Mechatronics (Dummy)

Germany and cars are connected by a long history. At the end of the 19th century, Carl Benz produced the first automobile. Today, Germany is the fourth-largest producer of automobiles worldwide, after Japan, the US and China. The automotive industry is considered the driving force of the German economy. The industry, which places a strong focus on qualifications, employed around 742,000 people in 2011 – including a high percentage of university graduates.
The number one export

The industry serves as an instigator for many other industrial sectors. A large network of suppliers from the fields of mechanical engineering, metalworking, and the textile and chemical industries supply materials for the automotive industry and benefit from its large order volumes. The industry experienced a record year in 2011. According to the industry association VDA, Germany's annual car production reached a figure of some 5.87 million cars that year – the highest number recorded in the industry's 125-year history.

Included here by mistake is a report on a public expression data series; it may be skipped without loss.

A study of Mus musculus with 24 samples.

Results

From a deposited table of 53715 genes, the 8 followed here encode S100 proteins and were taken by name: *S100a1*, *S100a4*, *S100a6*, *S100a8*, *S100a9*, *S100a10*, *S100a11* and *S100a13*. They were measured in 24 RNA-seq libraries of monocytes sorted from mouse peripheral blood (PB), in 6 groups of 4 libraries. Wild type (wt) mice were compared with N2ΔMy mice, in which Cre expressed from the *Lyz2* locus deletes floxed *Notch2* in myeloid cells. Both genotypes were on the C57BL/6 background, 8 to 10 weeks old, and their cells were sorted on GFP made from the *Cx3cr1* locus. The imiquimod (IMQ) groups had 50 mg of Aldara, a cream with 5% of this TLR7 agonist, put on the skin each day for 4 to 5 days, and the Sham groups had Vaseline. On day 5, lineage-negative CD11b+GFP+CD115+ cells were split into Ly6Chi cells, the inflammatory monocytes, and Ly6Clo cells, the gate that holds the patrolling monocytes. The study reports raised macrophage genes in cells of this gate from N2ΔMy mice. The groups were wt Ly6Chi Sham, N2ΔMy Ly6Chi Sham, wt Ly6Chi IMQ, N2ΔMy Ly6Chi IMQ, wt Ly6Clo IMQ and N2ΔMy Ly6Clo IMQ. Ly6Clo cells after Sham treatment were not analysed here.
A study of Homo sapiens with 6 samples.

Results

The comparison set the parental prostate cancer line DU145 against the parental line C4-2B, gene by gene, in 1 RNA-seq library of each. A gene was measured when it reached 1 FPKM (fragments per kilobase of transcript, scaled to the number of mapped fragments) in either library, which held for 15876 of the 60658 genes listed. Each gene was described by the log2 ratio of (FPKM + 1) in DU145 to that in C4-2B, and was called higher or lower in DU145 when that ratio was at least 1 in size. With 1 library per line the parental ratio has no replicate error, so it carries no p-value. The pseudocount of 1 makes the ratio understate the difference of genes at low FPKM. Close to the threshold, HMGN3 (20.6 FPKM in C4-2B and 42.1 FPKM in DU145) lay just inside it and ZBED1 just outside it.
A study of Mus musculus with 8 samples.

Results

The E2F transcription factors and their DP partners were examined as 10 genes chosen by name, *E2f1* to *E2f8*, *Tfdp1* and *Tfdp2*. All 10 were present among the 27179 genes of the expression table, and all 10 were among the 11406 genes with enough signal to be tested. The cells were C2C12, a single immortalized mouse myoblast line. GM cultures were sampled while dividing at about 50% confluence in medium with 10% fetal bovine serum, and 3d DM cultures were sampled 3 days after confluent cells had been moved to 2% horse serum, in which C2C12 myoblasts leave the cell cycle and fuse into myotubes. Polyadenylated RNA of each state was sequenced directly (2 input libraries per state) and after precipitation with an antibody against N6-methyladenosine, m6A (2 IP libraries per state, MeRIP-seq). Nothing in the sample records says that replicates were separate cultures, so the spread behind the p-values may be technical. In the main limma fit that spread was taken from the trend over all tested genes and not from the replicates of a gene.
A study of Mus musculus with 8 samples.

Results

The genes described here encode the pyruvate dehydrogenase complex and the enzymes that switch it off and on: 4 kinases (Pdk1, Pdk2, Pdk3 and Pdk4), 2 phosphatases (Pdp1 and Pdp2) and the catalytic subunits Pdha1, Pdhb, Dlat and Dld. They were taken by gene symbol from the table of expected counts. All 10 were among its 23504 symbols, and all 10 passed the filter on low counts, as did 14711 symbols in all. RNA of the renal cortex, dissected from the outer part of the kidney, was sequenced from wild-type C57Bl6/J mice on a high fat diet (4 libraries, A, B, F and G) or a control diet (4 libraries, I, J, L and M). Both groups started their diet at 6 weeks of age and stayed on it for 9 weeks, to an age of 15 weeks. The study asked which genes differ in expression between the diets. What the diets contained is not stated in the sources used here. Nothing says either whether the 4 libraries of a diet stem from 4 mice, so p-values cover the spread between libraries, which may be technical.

The automotive industry's annual revenues reached around €356 billion in 2012, an increase of 1.6 percent over the previous year. A large percentage of the revenues is attributable to foreign demand. Cars and car parts were the principal exports in the year 2011, with three-fourths of the German-produced cars being exported. Demand has particularly increased in countries such as China and India.
Cutting-edge research for the environment

Companies in the automotive industry are distinguished by their high technological skill and innovation. After all, they have to survive in a dynamic market characterised by constant structural and technological change. The issue of climate change, in particular, is pushing German automobile manufacturers to constantly improve the environmental compatibility and carbon efficiency of their vehicles and to develop alternative engine types. An international comparison shows Germany as a clear leader in matters related to environmental technologies – especially the reduction of carbon emissions (as reported by VDA). According to VDA, German manufacturers are ranked "first place in the efficiency comparison". With annual expenditures amounting to some €20 billion, the automotive industry spends more money on research and development than other German industries. Some 90,000 people are employed in the area of R&D, and around 10 patents are filed each day.